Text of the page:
The Problem with Moralizing

Timothy Kincaid

March 1st, 2008


On March 26, 2003, Charles A. Rosenthal was riding high. As district attorney for Harris County, Texas, he was enjoying the rare distinction of arguing before the Supreme Court of the United States in Lawrence v. Texas, what would become a landmark case declaring sodomy laws to be unconstitutional.

But little did Rosenthal realize that the seeds of his destruction were already growing. Not only would he lose his argument, but he would lose his job and his reputation.

In January 2002, the sheriff’s deputies performed a drug raid in southeast Houston. Sean Ibarra, a neighbor, took photographs.

The deputies came to the home of the Ibarras demanding the film. Eric Ibarra videotaped the confrontation between his brother and the sheriffs. Then the Ibarra brothers were both arrested on charges of resisting arrest.

The brothers were tried and exonerated later that year. But the Ibarras believed that their civil rights were violated and brought the matter to the district attorney, Rosenthal. When Rosenthal did not respond to their satisfaction, in 2004 they sued the Sheriff and District Attorney Rosenthal.

As part of their discovery proceedings, the Ibarras subpoenaed the district attorney’s email. What they found was not particularly relevant to their case… but it was very relevant to Rosenthal’s career. It seems Rosenthal used his office email to send love notes to his secretary and to disseminate racist jokes and pornography.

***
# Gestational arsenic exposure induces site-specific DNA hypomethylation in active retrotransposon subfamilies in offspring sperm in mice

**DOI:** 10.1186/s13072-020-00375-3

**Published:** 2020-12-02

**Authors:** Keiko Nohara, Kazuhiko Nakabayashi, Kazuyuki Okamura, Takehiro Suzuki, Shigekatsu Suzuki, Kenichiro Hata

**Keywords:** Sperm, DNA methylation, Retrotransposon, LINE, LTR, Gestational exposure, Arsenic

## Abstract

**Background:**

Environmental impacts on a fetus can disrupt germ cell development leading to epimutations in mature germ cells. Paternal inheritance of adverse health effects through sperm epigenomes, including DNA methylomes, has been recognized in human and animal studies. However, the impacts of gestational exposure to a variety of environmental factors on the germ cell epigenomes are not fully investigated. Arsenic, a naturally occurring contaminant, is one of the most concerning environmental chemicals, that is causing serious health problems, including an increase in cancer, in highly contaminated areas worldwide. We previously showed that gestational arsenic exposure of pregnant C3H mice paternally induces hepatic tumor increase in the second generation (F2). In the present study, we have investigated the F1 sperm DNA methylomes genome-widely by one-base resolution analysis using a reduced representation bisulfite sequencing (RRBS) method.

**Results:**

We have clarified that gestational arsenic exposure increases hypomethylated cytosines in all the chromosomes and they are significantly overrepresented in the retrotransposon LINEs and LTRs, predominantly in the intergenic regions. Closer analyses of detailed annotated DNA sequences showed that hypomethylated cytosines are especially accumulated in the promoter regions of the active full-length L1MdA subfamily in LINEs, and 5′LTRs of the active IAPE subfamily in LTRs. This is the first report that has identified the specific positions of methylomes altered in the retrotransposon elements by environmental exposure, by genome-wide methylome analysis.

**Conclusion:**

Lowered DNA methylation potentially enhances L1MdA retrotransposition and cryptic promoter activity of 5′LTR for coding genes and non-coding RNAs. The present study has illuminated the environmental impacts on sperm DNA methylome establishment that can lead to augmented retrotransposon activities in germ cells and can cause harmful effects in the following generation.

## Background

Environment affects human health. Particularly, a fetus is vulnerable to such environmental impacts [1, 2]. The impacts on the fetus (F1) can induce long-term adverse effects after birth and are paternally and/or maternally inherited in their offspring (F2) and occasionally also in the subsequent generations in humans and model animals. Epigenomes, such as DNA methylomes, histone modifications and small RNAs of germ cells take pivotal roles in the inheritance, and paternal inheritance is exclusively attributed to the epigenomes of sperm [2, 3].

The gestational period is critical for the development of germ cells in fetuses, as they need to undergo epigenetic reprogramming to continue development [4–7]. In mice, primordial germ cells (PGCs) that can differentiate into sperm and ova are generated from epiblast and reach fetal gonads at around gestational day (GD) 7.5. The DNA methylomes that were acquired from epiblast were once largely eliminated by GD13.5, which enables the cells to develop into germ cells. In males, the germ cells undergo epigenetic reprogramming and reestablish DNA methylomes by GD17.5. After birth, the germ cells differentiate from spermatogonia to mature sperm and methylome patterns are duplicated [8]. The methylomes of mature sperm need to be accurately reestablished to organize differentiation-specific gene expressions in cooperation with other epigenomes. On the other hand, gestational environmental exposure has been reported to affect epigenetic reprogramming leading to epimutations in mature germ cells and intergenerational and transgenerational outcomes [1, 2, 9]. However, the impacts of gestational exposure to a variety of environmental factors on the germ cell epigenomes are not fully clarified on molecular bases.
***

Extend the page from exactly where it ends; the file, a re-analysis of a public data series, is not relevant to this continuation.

But the thing that took Rosenthal down was not his adulterous affair. Nor was it his racism.

Rosenthal scorned the judge’s orders and did not turn over all of his email. Instead, he deleted over 2,500 email just days after being ordered to remit it. This got him in a heap of trouble.

Several things could happen now. After the hearing, Judge Hoyt could accept the DA’s answers and simply move on. Or he could find Rosenthal in contempt.

“The question of contempt, civil, or criminal could lead to other things,” said Treece. “(It) could lead to obstruction of justice, which is a significant federal problem. Or even perjury.”

And so Rosenthal has resigned and may find himself sitting in jail.

You see, Rosenthal forgot that those who like to moralize about others too often think that they are better than those whom they distain. They are so fond of pointing out the mote in others’ eyes that they ignore the beam in their own. And that beam can blind them to the danger that is coming.

John

March 1st, 2008

Mr. Rosenthal’s troubles seem to be remarkably similar to the last attorney who argued before the supreme court to uphold anti-sodomy laws. If memory serves me correctly, Attorney General Bowers of the State of Georgia who won the Bowers v. Hardwick Supreme Court case also was exposed for having an affair and cheating on his wife with none other than his secretary.

Perhaps there is a lesson for these attorneys who want to preach about God and morals while trying to use the courts to deny gays and lesbians equal protection before the law.